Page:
Early Guitars and Vihuela

A network for historic guitars and vihuelas

John Underhill
  • Cheltenham, Glos.
  • United Kingdom

  • Edward C. Yong
  • Lars Hedelius-Strikkertsen
  • Stanley Alexandrowicz
  • Timo Peedu

John Underhill's Discussions

Bar below the bridge
12 Replies

 In his article on guitar bridges, Sinier de Ridder writes that Pons and Lacote added a bar below the bridge (i.e. between the bridge and the lower block) 'with quite a special design' which 'allowed…Continue

Started this discussion. Last reply by Michael. N. May 31, 2012.

Recommended recordings
10 Replies

  I searched the Forum but didn't find much mention of recordings on CD, so how about a thread where members can recommend performances they particularly enjoy?  I'll begin with the CD I have playing…Continue

Started this discussion. Last reply by Lars Hedelius-Strikkertsen Nov 23, 2011.

Baroque guitar barring
4 Replies

When making lutes I have used soundboard wood for the bars, hence their grain direction is parallel to the soundboard. I would be interested to know whether this was also common practice for Baroque…Continue

Started this discussion. Last reply by Michael. N. Oct 21, 2011.


John Underhill's Page

Profile Information

About me:
I started playing classical guitar many years ago and then I switched to playing (and making) lutes. Having played very little for a long time, I recently became interested in the Baroque guitar - I was inspired in particular by the Sanz CD of Laberintos Ingeniosos.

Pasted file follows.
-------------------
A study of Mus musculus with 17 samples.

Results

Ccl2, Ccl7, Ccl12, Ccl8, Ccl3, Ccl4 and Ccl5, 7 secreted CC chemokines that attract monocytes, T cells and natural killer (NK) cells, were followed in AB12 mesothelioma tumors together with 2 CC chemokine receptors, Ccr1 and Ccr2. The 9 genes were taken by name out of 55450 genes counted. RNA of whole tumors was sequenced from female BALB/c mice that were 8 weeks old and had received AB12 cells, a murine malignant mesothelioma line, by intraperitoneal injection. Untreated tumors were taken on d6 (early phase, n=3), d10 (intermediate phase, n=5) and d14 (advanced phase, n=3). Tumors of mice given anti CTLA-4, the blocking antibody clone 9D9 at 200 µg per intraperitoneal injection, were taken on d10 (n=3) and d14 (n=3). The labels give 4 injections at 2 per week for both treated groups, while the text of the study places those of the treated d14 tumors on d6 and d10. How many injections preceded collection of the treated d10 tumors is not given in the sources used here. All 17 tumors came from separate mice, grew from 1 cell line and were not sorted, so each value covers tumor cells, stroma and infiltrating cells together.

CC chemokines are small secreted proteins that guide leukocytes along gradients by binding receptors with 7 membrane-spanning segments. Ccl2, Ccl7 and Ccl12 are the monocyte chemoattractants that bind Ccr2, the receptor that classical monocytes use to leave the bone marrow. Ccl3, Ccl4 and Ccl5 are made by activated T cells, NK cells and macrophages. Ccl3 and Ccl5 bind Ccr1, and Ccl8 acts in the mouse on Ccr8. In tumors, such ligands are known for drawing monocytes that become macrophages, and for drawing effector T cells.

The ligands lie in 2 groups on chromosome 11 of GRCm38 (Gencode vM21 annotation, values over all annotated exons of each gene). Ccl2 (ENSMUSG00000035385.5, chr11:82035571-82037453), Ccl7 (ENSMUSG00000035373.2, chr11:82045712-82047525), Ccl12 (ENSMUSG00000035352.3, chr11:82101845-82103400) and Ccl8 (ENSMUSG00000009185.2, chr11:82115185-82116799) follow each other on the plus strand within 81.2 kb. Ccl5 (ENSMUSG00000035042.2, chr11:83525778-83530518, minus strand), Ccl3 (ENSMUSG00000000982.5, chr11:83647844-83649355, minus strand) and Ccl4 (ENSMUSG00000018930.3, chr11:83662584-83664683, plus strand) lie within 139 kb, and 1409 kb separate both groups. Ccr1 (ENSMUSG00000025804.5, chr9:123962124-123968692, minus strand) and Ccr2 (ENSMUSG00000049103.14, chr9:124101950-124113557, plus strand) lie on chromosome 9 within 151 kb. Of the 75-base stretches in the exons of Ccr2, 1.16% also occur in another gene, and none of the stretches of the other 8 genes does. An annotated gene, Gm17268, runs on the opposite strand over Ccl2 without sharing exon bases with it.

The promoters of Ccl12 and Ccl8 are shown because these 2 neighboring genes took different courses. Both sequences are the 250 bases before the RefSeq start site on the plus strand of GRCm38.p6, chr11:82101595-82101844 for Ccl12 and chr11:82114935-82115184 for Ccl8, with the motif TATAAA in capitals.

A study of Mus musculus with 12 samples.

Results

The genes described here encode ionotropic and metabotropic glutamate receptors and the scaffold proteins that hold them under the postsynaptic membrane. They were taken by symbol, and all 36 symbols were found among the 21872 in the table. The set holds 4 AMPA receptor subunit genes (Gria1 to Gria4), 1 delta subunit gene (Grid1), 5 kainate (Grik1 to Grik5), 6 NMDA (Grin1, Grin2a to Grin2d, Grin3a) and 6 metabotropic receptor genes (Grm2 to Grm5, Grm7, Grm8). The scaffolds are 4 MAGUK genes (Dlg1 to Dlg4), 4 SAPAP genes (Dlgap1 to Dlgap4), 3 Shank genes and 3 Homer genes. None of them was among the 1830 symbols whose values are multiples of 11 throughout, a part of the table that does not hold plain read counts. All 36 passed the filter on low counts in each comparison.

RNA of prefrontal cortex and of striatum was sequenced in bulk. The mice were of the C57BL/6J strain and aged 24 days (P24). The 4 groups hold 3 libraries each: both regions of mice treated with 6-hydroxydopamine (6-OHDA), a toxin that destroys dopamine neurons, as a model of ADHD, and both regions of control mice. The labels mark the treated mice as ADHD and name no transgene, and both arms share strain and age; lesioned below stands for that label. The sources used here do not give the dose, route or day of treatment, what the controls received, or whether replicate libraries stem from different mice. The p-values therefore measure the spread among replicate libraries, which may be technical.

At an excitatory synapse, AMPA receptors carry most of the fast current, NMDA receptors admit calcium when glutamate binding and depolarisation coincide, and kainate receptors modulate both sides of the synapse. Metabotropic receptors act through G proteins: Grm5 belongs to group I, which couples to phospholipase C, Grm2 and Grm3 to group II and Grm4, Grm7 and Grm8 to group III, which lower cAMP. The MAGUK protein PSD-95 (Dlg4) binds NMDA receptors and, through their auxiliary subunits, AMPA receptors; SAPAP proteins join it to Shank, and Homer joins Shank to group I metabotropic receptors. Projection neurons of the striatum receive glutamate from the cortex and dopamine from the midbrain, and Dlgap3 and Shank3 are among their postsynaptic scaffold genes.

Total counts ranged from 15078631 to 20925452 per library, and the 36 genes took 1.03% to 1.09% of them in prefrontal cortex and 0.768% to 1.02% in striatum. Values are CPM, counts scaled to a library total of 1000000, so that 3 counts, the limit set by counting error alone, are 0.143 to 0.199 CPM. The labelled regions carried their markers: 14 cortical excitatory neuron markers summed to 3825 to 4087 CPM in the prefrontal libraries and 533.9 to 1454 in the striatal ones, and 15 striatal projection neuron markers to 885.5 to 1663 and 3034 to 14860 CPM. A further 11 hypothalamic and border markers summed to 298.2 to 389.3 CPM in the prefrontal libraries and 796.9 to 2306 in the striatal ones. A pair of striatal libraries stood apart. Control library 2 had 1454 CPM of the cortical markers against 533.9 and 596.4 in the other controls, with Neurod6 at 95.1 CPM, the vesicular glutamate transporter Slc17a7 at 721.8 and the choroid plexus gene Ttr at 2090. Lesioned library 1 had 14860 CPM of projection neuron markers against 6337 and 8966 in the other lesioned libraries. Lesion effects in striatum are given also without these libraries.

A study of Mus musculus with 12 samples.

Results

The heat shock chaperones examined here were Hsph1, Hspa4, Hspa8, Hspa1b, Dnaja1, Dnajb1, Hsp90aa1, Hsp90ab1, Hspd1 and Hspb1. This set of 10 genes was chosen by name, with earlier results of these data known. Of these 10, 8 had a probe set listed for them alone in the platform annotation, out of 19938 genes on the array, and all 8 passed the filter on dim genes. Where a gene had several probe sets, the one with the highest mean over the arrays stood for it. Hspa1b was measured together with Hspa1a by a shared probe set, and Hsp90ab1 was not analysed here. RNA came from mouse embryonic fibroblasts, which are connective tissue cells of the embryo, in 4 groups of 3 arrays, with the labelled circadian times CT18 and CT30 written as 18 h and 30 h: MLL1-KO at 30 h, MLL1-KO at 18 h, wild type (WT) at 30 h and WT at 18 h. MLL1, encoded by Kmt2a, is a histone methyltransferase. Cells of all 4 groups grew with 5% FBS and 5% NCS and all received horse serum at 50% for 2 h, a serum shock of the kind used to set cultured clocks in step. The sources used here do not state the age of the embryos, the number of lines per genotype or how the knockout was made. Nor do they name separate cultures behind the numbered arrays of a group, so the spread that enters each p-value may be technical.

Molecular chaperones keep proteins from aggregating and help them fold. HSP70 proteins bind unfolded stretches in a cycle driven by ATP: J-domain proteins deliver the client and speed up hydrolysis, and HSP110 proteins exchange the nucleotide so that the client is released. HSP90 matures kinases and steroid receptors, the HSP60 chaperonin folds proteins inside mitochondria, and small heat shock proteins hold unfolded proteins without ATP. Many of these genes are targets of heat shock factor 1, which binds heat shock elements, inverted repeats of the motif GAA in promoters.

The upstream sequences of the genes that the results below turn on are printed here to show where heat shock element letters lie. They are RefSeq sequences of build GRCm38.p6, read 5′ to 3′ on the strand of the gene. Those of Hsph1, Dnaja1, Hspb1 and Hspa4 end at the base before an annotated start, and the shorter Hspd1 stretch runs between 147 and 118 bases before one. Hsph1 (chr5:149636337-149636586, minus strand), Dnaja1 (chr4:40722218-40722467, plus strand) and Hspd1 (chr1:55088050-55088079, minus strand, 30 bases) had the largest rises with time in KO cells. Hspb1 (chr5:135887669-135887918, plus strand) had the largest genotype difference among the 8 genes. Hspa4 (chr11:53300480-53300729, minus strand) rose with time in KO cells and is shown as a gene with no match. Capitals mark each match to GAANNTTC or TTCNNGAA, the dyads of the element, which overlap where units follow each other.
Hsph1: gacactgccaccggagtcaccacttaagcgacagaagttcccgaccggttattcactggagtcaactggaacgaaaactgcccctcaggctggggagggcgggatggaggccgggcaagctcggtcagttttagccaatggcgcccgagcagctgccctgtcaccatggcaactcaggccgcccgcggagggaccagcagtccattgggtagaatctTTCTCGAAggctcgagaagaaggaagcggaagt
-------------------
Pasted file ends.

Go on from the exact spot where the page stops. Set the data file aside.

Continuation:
I am currently in the process of making a Baroque guitar for myself. In order to have an instrument to play in the meantime I bought a 'Thomann' baroque guitar which I have modified in line with advice that I found on this forum.


Welcome to the forum.  I'm definitely a fan of Xavier -- I had the luck to audit a class he gave, and I was also inspired to play the Baroque guitar.  One thing about that Sanz recording...  I believe he plays it with no bordones, which many people say is the way Sanz recommends.  In all accounts, Xavier's playing is brilliant and exciting.


Coming from classical to Baroque myself, I can tell you it's pretty tricky to get used to having a G as the lowest ground in your range. I suggest you shy away from pieces you already know on the classical guitar -- it's easier to get used to the different way of thinking.  Also, take the old tablature trick to heart...  In general, let all the notes ring as long as possible.  It really changes the semantics of what you're playing if you don't, and semantics are the biggest confusion when you don't have bordones IMHO.